Published: August 3, 2021
Review by Greg Smith, Photos Courtesy Fine Estates, Inc.
SAN RAFAEL, CALIF. – Martin Codina, the founder and chief executive officer of Fine Estate Inc., said his July 24-25 sale pulled in just shy of $400,000.
The first day of the auction was led by the button and book collection of north California collector Tom Thorner, who passed away in 2019.
“There was a lot of labor and activist buttons, anti-Vietnam, pro Black Panther, things like that,” Codina said. The auctioneer estimated Thorner’s collection to comprise some 40,000 buttons in total. Over two sales, the firm has dispersed about half of them and still has another 20,000 to go.
Thorner was an environmentalist and social issues champion who graduated from Stanford Law School and went on to run a practice. His obituary noted, “Always politically active, Tom supported the Civil Rights Movement and later helped found the grassroots political organization Marin Alternative to tackle environmental and social justice issues. The group stopped a developer’s plan to develop a wetland along Sir Francis Drake Boulevard and worked to oppose the Vietnam War.”
His lifetime collection of political and social buttons and ephemera reflected the same causes. Leading the offerings was a $4,800 result for a group of Robert F. Kennedy campaign buttons that numbered to over 75 examples. Some were duplicates but bidders didn’t mind as the lot went through 37 bid increments before selling to a button collector.
Two 9-inch buttons for the 1964 Barry Goldwater presidential run were among a pile of other buttons from the same campaign. The group sold for $1,560.
Vietnam buttons numbered to at least 900 examples spread over 13 lots. The highest, a group of 150 peace buttons took $750. A group of 60 anti-draft buttons sold for the same and the others sold anywhere from $156 to $562.
Among the Black Panther material was a lot of buttons, ephemera, stickers, pamphlets and rally flyers that went on to take $812.
From the same collection was a Cyrus Noble whiskey sign in the Faro/Poker table version that brought $2,400. Codina said it had hung in a Tiburon, Calif., bar for a long time and it was purchased by the same collector who took the RFK button lot.
The sale’s top lot at $105,600 was a 1956 Facel Vega. Codina described it as a quasi-barn find, as it had been parked in a garage for more than 20 years, its last registration in 1985. The auctioneer said his colleagues found information indicating only 74 1956 Vega FV2-B models were ever produced. It had a 5.4 liter 330 DeSoto Firedome Hemi engine with 255 horsepower.
“It was a second owner car,” Codina said, “And purportedly once owned by Joey Bishop, though I found no evidence to support that. The owner garaged it in San Jose. We flat bedded it to San Francisco, cleaned it, inspected it. I feel pretty good about the result, $105,600 is a respectable amount of money for a car that will need to be restored.”
At least two things in the sale were either headed or actually in the garbage before the auction house sold them for four-figure sums.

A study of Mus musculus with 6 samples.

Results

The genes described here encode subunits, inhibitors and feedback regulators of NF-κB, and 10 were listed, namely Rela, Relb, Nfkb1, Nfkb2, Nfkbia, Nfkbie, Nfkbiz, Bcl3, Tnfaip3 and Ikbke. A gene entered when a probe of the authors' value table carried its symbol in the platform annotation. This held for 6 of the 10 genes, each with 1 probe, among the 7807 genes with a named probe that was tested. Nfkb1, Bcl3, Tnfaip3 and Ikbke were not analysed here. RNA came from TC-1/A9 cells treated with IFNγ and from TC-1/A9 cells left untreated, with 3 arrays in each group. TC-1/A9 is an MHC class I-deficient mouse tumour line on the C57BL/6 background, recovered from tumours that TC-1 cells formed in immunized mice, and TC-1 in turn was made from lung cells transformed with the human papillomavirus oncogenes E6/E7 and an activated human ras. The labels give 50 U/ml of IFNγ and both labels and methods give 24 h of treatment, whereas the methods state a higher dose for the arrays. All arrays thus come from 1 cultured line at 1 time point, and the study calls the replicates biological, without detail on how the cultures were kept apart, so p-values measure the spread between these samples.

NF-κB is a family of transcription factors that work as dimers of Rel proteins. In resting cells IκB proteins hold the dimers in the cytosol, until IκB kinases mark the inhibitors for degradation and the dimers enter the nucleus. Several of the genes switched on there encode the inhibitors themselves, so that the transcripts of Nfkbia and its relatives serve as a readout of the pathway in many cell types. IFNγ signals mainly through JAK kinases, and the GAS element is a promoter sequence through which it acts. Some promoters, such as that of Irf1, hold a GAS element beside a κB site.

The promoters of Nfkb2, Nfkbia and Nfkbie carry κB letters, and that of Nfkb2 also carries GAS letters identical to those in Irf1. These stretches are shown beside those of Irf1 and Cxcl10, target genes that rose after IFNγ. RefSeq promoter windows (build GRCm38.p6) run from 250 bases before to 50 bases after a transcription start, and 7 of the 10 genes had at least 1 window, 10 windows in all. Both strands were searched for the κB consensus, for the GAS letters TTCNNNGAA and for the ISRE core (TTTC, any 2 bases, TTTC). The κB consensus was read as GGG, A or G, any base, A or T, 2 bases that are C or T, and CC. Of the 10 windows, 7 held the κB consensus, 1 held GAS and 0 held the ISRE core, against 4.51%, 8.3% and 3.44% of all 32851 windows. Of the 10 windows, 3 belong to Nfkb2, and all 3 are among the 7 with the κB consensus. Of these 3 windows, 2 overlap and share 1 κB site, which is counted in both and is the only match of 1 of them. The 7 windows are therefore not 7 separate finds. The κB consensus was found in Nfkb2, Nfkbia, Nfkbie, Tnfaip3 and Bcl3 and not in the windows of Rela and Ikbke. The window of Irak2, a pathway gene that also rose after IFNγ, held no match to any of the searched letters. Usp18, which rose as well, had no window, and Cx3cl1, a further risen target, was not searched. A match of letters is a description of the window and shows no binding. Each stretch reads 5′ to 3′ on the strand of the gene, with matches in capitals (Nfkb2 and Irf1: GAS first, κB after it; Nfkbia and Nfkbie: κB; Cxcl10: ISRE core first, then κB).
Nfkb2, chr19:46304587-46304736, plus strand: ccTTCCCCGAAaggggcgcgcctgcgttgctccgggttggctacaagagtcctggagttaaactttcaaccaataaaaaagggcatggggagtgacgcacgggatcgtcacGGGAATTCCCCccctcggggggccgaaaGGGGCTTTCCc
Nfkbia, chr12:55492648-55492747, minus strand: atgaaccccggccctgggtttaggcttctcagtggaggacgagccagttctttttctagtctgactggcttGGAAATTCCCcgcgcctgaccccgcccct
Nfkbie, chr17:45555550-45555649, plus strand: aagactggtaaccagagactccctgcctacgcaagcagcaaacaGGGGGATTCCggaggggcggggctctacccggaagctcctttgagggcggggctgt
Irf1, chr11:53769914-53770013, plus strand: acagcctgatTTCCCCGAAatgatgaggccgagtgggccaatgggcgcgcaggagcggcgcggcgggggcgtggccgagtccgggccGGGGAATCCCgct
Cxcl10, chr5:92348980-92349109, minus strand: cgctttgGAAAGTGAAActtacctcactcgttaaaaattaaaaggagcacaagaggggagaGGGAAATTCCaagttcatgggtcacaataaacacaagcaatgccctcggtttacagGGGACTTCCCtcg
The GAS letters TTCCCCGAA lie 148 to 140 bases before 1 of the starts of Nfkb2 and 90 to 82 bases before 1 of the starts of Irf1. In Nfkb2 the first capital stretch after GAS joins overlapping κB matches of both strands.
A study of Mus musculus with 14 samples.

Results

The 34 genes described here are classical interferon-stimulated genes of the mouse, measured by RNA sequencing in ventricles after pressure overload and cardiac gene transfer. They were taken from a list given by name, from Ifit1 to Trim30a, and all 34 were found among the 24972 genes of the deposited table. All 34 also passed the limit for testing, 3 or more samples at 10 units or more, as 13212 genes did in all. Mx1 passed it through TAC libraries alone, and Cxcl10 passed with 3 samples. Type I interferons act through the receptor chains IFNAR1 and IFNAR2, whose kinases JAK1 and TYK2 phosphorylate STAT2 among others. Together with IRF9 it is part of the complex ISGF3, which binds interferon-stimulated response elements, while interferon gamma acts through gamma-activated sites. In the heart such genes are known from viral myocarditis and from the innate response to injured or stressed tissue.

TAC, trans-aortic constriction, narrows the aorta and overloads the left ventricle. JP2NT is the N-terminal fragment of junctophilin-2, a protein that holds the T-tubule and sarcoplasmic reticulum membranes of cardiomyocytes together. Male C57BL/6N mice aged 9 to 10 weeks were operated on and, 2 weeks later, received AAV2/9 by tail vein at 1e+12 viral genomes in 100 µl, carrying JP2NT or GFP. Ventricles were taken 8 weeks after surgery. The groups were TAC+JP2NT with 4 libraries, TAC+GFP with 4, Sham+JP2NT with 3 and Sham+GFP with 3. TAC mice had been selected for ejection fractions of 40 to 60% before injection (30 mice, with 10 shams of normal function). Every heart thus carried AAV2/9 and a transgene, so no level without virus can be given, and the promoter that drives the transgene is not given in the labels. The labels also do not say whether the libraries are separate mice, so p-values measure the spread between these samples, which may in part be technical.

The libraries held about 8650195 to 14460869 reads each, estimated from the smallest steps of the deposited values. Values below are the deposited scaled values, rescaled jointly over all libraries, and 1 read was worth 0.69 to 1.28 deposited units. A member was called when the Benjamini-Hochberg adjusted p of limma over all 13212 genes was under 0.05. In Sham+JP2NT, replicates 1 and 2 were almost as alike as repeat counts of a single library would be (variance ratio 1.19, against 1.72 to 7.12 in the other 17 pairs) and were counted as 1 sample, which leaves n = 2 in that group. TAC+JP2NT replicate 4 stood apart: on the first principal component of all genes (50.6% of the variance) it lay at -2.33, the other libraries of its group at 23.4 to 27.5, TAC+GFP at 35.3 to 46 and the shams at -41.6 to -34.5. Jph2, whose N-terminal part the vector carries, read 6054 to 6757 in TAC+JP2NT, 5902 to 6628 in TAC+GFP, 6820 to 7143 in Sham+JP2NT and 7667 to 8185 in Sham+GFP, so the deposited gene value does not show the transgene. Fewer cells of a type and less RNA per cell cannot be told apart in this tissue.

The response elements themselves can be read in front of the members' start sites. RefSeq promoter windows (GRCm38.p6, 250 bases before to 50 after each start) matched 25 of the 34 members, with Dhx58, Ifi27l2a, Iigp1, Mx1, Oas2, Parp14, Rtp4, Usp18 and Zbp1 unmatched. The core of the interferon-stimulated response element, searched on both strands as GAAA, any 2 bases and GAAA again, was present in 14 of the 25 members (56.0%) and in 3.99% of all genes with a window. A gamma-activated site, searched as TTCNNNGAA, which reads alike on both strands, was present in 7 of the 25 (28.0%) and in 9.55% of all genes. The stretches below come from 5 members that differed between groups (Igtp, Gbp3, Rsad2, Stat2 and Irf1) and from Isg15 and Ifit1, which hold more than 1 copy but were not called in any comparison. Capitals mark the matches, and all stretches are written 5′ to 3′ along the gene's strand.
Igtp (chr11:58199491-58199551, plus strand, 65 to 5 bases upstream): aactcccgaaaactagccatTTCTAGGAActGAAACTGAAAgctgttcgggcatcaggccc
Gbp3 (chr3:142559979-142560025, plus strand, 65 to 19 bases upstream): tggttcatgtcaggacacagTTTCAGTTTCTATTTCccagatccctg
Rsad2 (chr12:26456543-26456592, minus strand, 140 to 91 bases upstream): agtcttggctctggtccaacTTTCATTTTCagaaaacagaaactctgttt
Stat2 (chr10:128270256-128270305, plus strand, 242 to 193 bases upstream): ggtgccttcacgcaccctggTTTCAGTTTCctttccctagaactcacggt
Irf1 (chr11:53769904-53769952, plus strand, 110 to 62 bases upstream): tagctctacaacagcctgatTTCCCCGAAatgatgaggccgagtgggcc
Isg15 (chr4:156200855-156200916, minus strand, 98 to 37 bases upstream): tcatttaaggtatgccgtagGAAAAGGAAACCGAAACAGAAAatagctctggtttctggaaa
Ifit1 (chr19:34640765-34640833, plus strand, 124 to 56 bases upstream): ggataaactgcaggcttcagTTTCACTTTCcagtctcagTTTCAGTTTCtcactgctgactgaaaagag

An “Oaks” Newcomb pottery tile measuring 9½ by 6 inches would sell for $6,875. It was framed with the original backing bearing a Newcomb Pottery sticker. “That tile came from a prominent San Francisco family,” Codina said. “We cleared out one of their storage lockers. The owners had gone through the lockers before we got there and they had thrown a bunch of stuff away. We poked through the garbage a little bit and found that tile. One of our staff said ‘I think we can sell this,’ and she said, ‘That’s trash, just keep it.’ It was on its way to the dump, I think she’ll be quite pleased.”
The other was a Georgian garnet, pearl and yellow gold necklace that was more than 200 years old. The necklace came in its fitted box marked “Munday, Ct. Portland St., London, W,” and sold for $1,680.
“We were going over things and the customer had my garbage can pulled out and was going to toss it because it was broken,” said Holly Anderson-Pree, the auction house’s jewelry and watch specialist. “As a lover of antique jewelry, my head was about to pop off. It was special, we don’t often see the original box, but you also don’t see jewelry of this age very often. It’s just going to have issues if its 200 years old. We offered it in pieces, people came to look at it, and it wound up with someone who will restore it.”
Victorian jewelry also did well, Anderson-Pree noted. Two Edwardian necklaces in one lot, one featuring a platinum topped and 14K gold backing with a design of trailing leaves and flowers accented with old European cut diamonds on a platinum chain, the other a matching diamond drop pendant with a 14K gold chain. The group brought $1,500.
Top among the jewelry lots at $36,000 was an 8.22-carat fancy light yellow diamond set in an 18K yellow gold and platinum ring with kite-shape and round brilliant accent diamonds. It came with a GIA certificate and sold to a collector.
Codina noted a trend in costume jewelry as works by fashion houses were surprisingly strong.
“We had a couple of decent Yves Saint Laurent items, really just scrap metal and glass, but they sold really well,” he said.
Among them was a gold-toned bib necklace featuring glass cabochons that sold for $1,125. A suite featuring ear clips, bracelet and necklaces comprised of large acrylic “hematite” elements sold for $875. A Chanel pate de verre glass and gold-toned cross necklace sold for $1,920.
All prices include buyer’s premium. For information, 415-419-5012 or www.finesf.com.